How Not to Be Wall Street’s Sucker

“If you can’t spot the sucker in your first half hour at the table, then you ARE the sucker.” – Mike McDermott, Matt Damon’s character in the movie “Rounders.”


Investors have long drawn parallels between poker and investing. Although not perfect comparisons, there are many similarities between the two, largely stemming from the analogous interactions of psychology and probability with money.

There are some differences to consider, as well.

A great poker player will use statistics and other participants’ behavior to separate his counterparts from their money. A successful financial services sector, on the other hand, should facilitate the effective and mutually beneficial flow of capital across the economy between savers, investors and businesses, hopefully at a fair price. In reality, though, the best compensated individuals on Wall Street often excel at separating market participants from their capital.

In poker, you may not always know if the other player is bluffing or not, but at least you always know he is on the other side of the deal. When hiring a financial advisor, consultant, or asset manager, you often can’t distinguish either point.

Of course, to hear them tell it, every manager is always the best at what they do.

Come to think of it, my analyst must be the best scout in the world, because every single private-equity fund I’ve ever met is top quartile. Or, maybe we’re not as good as we think we are at picking managers.


I recently read an article entitled “Unskilled and Unaware of It: How Difficulties in Recognizing One’s Own Incompetence Lead to Inflated Self-Assessments,” which was published in the Journal of Personality and Social Psychology in 1999. Authors David Dunning and Justin Kruger revealed some interesting tendencies regarding peoples’ perceptions of their own competence, tendencies that have distinct relevance for investors.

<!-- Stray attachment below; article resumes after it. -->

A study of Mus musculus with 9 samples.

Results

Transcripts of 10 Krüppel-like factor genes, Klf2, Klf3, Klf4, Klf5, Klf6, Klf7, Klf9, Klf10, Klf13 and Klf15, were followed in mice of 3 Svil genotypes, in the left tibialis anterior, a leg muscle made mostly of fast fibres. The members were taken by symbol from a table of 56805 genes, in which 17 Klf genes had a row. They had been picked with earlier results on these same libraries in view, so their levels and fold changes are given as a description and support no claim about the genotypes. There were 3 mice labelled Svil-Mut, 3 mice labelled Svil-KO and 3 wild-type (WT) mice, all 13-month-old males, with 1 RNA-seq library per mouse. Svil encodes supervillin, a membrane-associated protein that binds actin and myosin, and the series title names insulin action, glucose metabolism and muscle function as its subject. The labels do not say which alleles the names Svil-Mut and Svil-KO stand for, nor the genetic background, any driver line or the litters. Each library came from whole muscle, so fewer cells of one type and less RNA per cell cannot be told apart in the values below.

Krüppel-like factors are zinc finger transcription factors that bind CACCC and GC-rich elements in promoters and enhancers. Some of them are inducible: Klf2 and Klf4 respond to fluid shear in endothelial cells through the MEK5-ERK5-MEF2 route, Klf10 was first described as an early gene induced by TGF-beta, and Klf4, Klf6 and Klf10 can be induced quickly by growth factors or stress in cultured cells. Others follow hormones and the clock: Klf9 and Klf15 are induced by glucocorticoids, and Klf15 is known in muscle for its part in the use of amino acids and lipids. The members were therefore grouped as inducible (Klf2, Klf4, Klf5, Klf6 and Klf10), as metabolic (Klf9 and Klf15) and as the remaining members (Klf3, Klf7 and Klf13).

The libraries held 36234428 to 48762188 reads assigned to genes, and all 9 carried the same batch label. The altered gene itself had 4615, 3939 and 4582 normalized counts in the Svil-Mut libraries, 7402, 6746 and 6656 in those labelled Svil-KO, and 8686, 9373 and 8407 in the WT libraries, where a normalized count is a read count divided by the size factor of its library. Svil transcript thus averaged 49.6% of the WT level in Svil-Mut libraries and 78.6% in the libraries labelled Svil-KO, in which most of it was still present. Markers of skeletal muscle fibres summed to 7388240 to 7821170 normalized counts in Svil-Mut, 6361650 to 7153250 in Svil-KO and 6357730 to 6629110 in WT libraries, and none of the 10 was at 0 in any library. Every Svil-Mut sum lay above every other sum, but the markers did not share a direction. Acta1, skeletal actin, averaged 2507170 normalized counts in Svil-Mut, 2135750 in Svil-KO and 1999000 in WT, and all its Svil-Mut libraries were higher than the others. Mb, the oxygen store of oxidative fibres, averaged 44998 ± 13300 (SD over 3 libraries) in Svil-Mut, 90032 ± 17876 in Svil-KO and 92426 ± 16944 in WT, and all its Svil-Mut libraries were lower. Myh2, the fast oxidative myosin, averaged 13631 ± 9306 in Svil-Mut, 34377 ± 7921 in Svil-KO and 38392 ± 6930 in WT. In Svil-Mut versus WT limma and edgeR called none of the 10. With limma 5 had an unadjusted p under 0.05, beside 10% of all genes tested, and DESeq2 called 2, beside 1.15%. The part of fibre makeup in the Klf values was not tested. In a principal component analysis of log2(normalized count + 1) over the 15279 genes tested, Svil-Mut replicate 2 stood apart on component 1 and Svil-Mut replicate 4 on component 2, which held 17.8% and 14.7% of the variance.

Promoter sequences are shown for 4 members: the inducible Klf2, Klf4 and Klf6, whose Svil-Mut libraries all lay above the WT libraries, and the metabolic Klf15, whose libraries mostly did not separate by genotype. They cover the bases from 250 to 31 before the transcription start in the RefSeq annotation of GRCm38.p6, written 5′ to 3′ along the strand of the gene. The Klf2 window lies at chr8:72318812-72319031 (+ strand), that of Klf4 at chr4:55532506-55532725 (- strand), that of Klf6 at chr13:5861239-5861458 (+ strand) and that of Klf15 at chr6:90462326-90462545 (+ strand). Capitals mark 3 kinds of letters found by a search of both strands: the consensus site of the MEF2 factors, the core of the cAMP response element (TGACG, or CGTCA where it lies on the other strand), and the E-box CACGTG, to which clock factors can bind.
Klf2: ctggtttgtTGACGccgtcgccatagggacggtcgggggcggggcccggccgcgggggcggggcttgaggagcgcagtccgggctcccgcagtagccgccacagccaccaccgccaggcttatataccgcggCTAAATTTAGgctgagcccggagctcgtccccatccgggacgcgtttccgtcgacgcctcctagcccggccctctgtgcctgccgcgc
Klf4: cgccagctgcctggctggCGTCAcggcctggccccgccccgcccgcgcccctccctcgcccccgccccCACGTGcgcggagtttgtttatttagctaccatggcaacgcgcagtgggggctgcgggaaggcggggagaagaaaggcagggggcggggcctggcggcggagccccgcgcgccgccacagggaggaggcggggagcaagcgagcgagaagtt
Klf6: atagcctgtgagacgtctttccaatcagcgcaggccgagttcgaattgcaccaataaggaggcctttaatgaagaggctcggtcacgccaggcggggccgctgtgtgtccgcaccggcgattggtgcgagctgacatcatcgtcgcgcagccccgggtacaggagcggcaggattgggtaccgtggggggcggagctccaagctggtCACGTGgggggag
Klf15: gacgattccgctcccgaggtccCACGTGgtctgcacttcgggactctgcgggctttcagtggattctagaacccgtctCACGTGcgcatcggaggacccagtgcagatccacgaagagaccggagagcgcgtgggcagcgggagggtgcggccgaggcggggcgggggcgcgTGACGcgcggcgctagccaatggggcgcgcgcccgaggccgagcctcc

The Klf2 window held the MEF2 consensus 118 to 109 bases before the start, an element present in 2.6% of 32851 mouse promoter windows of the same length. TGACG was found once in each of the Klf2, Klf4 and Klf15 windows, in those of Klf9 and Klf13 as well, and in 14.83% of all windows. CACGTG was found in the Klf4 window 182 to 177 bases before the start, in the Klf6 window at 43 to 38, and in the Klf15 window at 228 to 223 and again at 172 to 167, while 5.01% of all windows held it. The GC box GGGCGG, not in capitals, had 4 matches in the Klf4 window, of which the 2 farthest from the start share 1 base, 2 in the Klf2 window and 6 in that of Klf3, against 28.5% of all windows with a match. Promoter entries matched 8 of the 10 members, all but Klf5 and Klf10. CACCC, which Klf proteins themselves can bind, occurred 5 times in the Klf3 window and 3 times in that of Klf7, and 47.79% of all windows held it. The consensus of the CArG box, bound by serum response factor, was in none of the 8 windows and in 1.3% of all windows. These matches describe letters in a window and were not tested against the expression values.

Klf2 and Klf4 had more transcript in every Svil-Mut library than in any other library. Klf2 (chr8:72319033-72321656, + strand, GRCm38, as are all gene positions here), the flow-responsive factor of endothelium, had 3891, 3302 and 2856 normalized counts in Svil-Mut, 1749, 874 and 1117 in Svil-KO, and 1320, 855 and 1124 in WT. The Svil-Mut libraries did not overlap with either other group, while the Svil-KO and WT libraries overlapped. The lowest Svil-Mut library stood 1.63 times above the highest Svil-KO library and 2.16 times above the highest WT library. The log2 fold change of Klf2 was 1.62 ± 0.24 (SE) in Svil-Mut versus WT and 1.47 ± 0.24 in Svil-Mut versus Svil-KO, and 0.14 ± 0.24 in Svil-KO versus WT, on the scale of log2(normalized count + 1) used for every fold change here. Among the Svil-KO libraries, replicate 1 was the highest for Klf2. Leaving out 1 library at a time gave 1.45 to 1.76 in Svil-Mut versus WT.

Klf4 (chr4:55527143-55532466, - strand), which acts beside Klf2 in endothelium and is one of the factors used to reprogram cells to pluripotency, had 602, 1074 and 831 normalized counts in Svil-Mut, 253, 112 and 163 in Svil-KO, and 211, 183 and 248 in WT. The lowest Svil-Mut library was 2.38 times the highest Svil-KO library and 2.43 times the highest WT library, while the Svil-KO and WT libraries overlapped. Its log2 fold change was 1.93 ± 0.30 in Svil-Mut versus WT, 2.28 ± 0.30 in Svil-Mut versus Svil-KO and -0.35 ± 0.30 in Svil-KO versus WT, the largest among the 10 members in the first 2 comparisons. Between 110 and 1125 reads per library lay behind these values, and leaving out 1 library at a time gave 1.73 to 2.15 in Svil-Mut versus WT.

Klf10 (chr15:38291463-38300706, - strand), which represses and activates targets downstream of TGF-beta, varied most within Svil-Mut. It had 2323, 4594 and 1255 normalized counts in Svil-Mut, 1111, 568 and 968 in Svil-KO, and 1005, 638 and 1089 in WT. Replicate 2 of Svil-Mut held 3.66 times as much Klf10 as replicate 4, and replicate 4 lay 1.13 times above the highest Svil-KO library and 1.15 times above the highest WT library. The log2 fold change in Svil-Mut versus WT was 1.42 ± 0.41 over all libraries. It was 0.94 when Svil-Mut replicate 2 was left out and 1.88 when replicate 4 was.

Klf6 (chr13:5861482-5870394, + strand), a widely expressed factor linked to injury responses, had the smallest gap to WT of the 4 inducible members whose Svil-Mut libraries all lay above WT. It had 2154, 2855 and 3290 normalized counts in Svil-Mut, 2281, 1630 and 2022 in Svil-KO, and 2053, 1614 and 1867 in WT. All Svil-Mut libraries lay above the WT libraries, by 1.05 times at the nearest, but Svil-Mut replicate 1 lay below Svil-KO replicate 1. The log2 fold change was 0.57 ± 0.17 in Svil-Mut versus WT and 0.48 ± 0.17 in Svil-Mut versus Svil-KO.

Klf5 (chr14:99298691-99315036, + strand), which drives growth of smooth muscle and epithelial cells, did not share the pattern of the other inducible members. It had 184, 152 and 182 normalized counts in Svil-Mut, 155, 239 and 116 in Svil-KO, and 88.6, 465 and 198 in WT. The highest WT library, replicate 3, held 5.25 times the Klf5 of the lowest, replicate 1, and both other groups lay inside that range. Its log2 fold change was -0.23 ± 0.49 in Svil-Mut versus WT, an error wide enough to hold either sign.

They created a series of tests measuring participants’ abilities in certain domains, such as humor, logical reasoning and grammar. The experiment measured the actual scores on the tasks, as well as participants’ perception of how they believed they scored.

The top performers across every test modestly underestimated their own performance. Second-quartile groups tended to accurately place themselves, while the third quartile moderately overestimated their results. Strikingly, participants in the bottom quartile on every test vastly overestimated their own competencies, sometimes by 500 percent! Despite scoring in the bottom of the pack, these individuals consistently ranked their performance as well-above average.

The effects of overconfidence on investing behavior have long been documented for professionals and amateurs alike. Dresdner Kleinwort Wasserstein published research demonstrating that roughly 75 percent of equity mutual-fund managers believe they are above average. (The remaining 25 percent deemed themselves average!) Terrance Odean at University of California, Berkeley has shown that overconfident investors trade more and earn less. And research published in the Journal of Finance on investment consultant recommendations showed that their investment manager picks underperformed funds they did not select. Worse, their top recommendations had even poorer performance.

While Charles Darwin sagely noted over a century ago, “ignorance more frequently begets confidence than knowledge,” the Dunning-Kruger effect showed the phenomenon is most prevalent amongst, and most detrimental to, those who are least competent. They lack both skill and the metacognitive ability to recognize their incompetence.

Context-specific knowledge helps in reducing the effects of overconfidence, so ongoing education about investment strategies and best practices for manager due diligence are a must.

And like many other cognitive biases, awareness of it is the best defense against the effects. Every time I meet a manager, I’m acutely aware with near certainty that I’m the least informed person in the room, and I’m paranoid that I’m the sucker. Thankfully, when you’re paranoid that you are the sucker at the table, you play your cards a lot tighter.

This heightened awareness of our need for skepticism has resulted in an actionable takeaway that we incorporate into our due diligence: a conscious effort to intentionally underestimate returns and overestimate risk, the manager selection equivalent of playing a tighter hand. By underwriting every manager with a deliberately lower-return expectation, as long as it still meets the required cost of capital, we force a margin of safety into the process.

Underpromise + overdeliver = margin of safety.

At least that’s the general idea, but I’m not completely confident.

Christopher M. Schelling is the Director of Private Equity at the Texas Municipal Retirement System.